What is a CO2 laser and how does it work?
Thursday, December 16, 2021
To learn on the topic of CO2 lasers, look no further than this blog because at Gentec-EO we know a lot about this type of lasers given that our parent company Gentec inc. developed the first CO2 laser energy meter in the world in 1972. Since then, we never stopped striving to improve our product offering for this market.
They may be nearing their 60th birthday, but CO2 lasers are nowhere near retirement. In fact, their global market value is projected to increase by half a billion dollars by 2025.
All lasers require what’s known as a lasing medium. It’s in this lasing medium that the Light Amplification by Stimulated Emission of Radiation (LASER) happens.
Lasing mediums come in a few varieties: solid state, excimer, dye, semiconductor (or diode), and finally gas lasers, the family CO2 lasers are in.
You probably won’t be surprised to hear that CO2 is the active ingredient in making laser light in CO2 lasers. However, interestingly enough, CO2 lasers perform much better when the carbon dioxide is diluted to the point it only makes up about 20% of the total gas mixture. We’ll get into why soon.
A laser’s efficiency is often quantified by its “wall-plug efficiency”.
This measure of efficiency is calculated by dividing the amount of power in the laser beam by the electrical power required to operate the laser (including cooling systems and other losses).
The wall-plug efficiency of most CO2 lasers is generally somewhere between 10 and 20%, which is quite good, as far as gas lasers go. Especially when you account for the high beam quality CO2 lasers can offer.
But all the power and efficiency won’t be effective if you’re using the wrong wavelength. And this is where a CO2 laser’s effectiveness really shines.
Because CO2 is a triatomic molecule, it has many available energy levels. This means many different energy transitions can occur, which in turn means many different wavelengths can be produced in the mid-infrared portion of light’s spectrum. CO2 lasers’ main laser line is centered around 10.6 micrometers, but there are dozens more in the 9 to 11 micrometer range.
The atmosphere blocks many wavelengths, but has some small “windows” of wavelengths it lets through. One of these atmospheric windows coincides perfectly with a CO2 laser’s wavelength, making it a useful tool for observing the atmosphere. Which is a bit ironic when you think about it: CO2 is responsible for making the atmosphere more opaque (leading to the greenhouse effect), but this very same gas also powers one of the only lasers that is able to go right through the atmosphere.
In the medical field, the high absorption of mid-infrared wavelengths by water means that this laser interacts effectively with most biological tissues. As an added bonus, it has important hemostatic properties, which is just a fancy way of saying that if you cut blood vessels smaller than 0.5mm with a CO2 laser, there probably won’t be any bleeding. This has led them to be used in dentistry, the treatment of burn scars, skin resurfacing, and for surgeries.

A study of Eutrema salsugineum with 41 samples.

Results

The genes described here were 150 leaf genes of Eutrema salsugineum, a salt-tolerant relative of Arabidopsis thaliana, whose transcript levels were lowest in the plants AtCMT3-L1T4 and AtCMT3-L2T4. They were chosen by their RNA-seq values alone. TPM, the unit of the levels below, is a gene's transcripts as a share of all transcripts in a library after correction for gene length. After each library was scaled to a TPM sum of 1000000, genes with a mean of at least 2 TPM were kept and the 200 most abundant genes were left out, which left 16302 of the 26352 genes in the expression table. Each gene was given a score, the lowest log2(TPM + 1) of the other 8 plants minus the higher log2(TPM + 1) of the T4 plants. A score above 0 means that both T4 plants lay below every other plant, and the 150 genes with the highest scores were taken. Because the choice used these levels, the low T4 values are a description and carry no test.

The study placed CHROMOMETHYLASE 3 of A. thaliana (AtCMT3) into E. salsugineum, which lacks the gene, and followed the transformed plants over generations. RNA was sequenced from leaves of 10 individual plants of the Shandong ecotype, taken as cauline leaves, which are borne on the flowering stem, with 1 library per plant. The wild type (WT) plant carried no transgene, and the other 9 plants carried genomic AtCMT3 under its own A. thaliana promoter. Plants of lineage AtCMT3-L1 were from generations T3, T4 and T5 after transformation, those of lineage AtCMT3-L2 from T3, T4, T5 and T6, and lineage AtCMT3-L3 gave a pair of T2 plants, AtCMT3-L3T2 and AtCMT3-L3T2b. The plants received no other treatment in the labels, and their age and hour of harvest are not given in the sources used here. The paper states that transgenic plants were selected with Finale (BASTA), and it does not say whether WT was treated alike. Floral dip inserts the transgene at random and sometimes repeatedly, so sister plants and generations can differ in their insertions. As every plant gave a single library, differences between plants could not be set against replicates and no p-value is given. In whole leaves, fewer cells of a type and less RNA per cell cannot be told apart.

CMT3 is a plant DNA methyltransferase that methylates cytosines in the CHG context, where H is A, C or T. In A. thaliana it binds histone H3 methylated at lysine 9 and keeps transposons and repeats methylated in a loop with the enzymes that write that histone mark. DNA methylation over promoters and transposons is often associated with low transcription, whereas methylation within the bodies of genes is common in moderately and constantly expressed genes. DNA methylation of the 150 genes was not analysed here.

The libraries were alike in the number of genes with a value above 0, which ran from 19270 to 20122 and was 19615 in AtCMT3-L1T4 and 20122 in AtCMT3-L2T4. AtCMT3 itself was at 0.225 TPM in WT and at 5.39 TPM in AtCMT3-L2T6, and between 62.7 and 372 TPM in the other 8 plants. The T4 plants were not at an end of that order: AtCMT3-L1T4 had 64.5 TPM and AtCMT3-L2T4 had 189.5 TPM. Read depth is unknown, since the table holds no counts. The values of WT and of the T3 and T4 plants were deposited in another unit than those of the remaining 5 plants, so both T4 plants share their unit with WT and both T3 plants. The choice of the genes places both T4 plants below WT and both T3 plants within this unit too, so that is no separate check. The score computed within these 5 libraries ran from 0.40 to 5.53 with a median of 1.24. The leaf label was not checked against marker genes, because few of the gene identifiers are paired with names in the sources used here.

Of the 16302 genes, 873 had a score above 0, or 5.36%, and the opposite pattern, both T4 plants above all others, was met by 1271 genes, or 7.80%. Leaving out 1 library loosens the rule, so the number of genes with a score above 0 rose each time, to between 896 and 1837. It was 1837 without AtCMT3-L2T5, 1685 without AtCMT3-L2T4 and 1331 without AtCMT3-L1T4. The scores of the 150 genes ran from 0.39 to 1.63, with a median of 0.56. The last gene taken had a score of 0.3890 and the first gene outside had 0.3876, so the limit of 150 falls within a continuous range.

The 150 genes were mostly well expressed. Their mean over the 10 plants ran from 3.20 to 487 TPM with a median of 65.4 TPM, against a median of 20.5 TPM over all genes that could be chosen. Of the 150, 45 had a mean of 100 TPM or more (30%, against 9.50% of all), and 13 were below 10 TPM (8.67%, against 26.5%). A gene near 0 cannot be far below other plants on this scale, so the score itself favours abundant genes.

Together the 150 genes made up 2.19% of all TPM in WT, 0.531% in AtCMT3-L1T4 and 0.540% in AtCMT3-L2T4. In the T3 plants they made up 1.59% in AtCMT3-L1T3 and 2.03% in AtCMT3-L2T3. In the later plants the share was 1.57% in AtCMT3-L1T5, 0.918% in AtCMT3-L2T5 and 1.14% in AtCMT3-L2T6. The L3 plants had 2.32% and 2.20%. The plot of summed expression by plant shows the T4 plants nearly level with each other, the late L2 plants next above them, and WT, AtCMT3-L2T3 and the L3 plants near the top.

And don’t even get me started talking about CO2 lasers are used in manufacturing. They can cut, weld, mark, engrave, harden, solder, 3D-print, and oh, they’ve recently found a niche in bleeding-edge computer chip manufacturing.
It was mentioned earlier that only about 20% of the gas mixture used for CO2 lasers is actually CO2. So what’s the other 80% and why don’t we just use 100% CO2?
Typically, about 20% is nitrogen, 1 or 2% is water vapor, hydrogen, oxygen or xenon, and the rest is helium.
For any laser to work, the first step is to give extra energy to the lasing medium. This is called excitation.
As it turns out, if you excite nitrogen, it can then transfer its energy surplus to neighboring CO2 molecules. And this method yields a much greater efficiency than what can be achieved by exciting the carbon dioxide directly.
Carbon dioxide has an array of different energy modes available to it. When laser light is emitted by the CO2 molecules, they can fall to lower modes of energy, without necessarily reaching the lowest mode of energy, which is required for optimal functioning of the laser.
Thankfully, when these low-energy CO2 molecules collide with helium, they transfer their leftover energy to the helium, thereby returning to their ground-state. This process is called relaxation.
CO2 can get degraded into carbon monoxide (CO) during laser operation. This is an undesirable side-effect, and having small amounts of water vapor or hydrogen can help trigger the conversion of CO back into CO2.
We hope this article helped you better understand what is a CO2 laser, how it works and how widespread this type of laser is. If you’ve got any questions you’d like answered, drop us a line. Our team of dedicated laser professionals will be happy to help.